3 May 2019: Banks have put up nearly Rs 1.3 lakh crore of bad loans for sale to asset reconstruction firms (ARC) in the last fiscal, amid delays and legal challenges in cases admitted for resolution in the National Company Law Tribunal (NCLT) under the bankruptcy code.
State Bank of India, Central Bank of India and numerous other banks have decided to sell these assets that would require lesser provisioning and reduce the hassle of long litigation in the NCLT, said people familiar with the thinking.
“There was an acceleration in assets put up for sale by banks to the ARCs in March FY19 quarter,” said Hari Hara Mishra, director, UV ARC. “Among others, in view of protracted litigation in some large cases under IBC and consequent time overrun, the banks wanted to get a clean exit and reduce the NPAs in their books.”
Despite the Insolvency and Bankruptcy Code being in place for more than two years, resolution plans are getting delayed.
The record filings in those courts have also burdened the system, leading to long waits for the resolution plans to get approved. It also consumes bank’s time which would have otherwise been spent on growing its business.
Estimates show that Bank of India and State Bank of India had around Rs 25,000 crore to Rs 30,000 crore on the block, while Andhra and Dena were around Rs 10,000 crore.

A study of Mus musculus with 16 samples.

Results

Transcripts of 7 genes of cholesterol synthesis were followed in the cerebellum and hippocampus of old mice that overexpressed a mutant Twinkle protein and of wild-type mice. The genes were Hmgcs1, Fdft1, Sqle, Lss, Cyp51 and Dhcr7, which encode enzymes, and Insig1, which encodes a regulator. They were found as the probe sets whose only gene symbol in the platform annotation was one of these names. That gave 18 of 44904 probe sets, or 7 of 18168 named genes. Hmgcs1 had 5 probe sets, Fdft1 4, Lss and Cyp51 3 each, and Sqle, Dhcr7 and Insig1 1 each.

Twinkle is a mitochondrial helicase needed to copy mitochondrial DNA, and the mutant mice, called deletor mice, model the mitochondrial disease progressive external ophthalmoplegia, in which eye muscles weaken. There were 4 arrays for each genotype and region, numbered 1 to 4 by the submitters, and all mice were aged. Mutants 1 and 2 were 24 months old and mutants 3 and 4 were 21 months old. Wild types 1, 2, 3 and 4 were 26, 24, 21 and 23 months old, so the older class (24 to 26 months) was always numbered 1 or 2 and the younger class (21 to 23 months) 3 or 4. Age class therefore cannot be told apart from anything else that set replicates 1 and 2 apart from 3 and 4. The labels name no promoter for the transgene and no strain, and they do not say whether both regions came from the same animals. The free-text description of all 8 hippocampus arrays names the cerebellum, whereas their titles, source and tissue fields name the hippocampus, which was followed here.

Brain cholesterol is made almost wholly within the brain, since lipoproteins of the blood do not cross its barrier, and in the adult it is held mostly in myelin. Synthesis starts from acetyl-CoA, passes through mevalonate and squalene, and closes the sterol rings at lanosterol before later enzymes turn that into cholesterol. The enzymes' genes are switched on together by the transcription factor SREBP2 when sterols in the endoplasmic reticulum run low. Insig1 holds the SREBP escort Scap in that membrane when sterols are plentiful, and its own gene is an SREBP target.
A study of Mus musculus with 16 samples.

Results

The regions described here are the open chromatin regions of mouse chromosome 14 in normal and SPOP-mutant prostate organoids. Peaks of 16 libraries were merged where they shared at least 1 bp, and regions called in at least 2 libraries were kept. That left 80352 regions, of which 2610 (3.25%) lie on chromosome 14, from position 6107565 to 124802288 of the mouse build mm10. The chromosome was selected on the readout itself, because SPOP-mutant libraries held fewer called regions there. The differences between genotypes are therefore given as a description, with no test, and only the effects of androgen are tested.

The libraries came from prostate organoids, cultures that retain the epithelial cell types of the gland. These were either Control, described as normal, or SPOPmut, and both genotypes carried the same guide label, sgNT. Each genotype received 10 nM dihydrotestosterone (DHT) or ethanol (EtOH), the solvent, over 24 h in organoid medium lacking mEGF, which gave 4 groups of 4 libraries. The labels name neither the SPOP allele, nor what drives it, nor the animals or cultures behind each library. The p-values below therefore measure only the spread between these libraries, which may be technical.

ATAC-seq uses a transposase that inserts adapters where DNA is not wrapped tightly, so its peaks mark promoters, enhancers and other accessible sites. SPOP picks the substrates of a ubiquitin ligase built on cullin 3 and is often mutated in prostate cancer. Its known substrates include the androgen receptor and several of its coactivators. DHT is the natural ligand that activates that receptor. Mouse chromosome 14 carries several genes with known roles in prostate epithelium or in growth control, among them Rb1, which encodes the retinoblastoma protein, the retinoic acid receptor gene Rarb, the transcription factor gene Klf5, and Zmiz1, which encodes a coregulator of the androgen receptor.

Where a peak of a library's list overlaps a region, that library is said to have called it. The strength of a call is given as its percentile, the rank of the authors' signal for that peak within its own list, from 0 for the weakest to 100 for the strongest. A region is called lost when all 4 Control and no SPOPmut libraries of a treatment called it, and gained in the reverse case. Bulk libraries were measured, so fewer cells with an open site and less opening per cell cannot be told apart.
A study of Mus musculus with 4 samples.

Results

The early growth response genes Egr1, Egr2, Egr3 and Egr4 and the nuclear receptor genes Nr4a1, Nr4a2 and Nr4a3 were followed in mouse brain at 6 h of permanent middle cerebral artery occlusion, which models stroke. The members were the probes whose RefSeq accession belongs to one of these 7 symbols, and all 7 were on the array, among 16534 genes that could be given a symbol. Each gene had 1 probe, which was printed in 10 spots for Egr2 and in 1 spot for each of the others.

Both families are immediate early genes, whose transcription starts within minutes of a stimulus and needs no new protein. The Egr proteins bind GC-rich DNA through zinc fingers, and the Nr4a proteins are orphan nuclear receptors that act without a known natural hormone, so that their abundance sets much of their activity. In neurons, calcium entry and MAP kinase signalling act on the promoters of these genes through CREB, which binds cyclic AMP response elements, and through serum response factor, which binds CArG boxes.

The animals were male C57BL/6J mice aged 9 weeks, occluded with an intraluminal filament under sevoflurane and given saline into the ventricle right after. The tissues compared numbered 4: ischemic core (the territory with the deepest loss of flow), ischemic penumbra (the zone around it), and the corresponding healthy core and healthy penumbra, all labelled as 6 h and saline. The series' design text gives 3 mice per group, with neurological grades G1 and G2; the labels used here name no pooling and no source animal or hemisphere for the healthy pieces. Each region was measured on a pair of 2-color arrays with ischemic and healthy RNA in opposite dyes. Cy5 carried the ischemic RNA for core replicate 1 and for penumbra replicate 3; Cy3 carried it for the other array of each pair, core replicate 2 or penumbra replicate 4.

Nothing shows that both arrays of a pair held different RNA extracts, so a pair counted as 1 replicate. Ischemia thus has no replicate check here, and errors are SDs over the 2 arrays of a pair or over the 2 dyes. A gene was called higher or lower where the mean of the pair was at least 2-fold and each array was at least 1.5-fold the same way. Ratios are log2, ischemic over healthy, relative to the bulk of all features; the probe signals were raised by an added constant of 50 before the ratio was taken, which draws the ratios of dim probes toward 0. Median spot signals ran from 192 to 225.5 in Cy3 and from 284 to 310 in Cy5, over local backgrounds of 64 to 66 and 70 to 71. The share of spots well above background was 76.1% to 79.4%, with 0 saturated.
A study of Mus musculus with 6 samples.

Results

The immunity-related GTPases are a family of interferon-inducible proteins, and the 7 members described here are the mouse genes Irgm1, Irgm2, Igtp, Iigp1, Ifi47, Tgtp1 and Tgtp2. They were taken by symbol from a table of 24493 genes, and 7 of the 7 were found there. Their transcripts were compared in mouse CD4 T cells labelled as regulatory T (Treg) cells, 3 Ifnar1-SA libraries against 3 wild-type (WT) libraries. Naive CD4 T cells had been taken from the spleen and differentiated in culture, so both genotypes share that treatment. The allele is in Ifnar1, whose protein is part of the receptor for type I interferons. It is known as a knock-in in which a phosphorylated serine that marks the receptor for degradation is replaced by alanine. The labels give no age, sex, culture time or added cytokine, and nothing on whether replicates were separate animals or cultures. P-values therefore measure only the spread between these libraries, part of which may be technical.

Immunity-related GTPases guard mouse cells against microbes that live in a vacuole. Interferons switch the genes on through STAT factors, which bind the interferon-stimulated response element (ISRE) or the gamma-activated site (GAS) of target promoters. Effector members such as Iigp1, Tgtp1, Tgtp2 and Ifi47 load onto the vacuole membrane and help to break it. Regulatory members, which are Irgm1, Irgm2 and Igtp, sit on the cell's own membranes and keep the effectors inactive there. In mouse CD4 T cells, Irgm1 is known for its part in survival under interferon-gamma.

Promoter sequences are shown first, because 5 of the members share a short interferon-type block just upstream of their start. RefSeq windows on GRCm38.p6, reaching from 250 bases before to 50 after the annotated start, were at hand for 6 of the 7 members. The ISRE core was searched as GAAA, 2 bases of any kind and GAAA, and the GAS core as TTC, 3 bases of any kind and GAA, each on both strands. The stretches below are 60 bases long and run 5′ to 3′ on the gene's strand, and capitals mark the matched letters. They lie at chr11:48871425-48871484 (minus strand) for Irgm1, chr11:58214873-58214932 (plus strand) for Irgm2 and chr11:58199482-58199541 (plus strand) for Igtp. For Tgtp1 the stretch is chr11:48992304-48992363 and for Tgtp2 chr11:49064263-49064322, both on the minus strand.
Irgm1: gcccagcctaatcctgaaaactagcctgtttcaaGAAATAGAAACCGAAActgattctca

Around 70% of the cases that are admitted to NCLT have missed the deadline set by the Insolvency and Bankruptcy Code of 270 days. The numbers also went up because in the fourth quarter, State Bank of India had put its entire loan to Essar Steel on sale. SBI had put up Rs 9,588 crore Essar Steel on the block after almost reaching resolution as the process was taking too long. It went on for over 500 days while the maximum stipulated was 270 days.
Based on the data for all 94 cases resolved under the insolvency resolution process till the fourth quarter, financial creditors faced a haircut of 52%, said Kotak Institutional Equities. The premium received on resolution (2X of liquidation value) compared to opportunity cost on liquidation is high but decreasing sequentially.
“The haircut on resolved cases in the fourth quarter was high at 90% (barring Essar Steel) but this was owing to an 83% haircut observed in a large account — Alok industries,” the Kotak report said. “The average premium to liquidation value was high at 1.5X for accounts resolved in the fourth quarter.”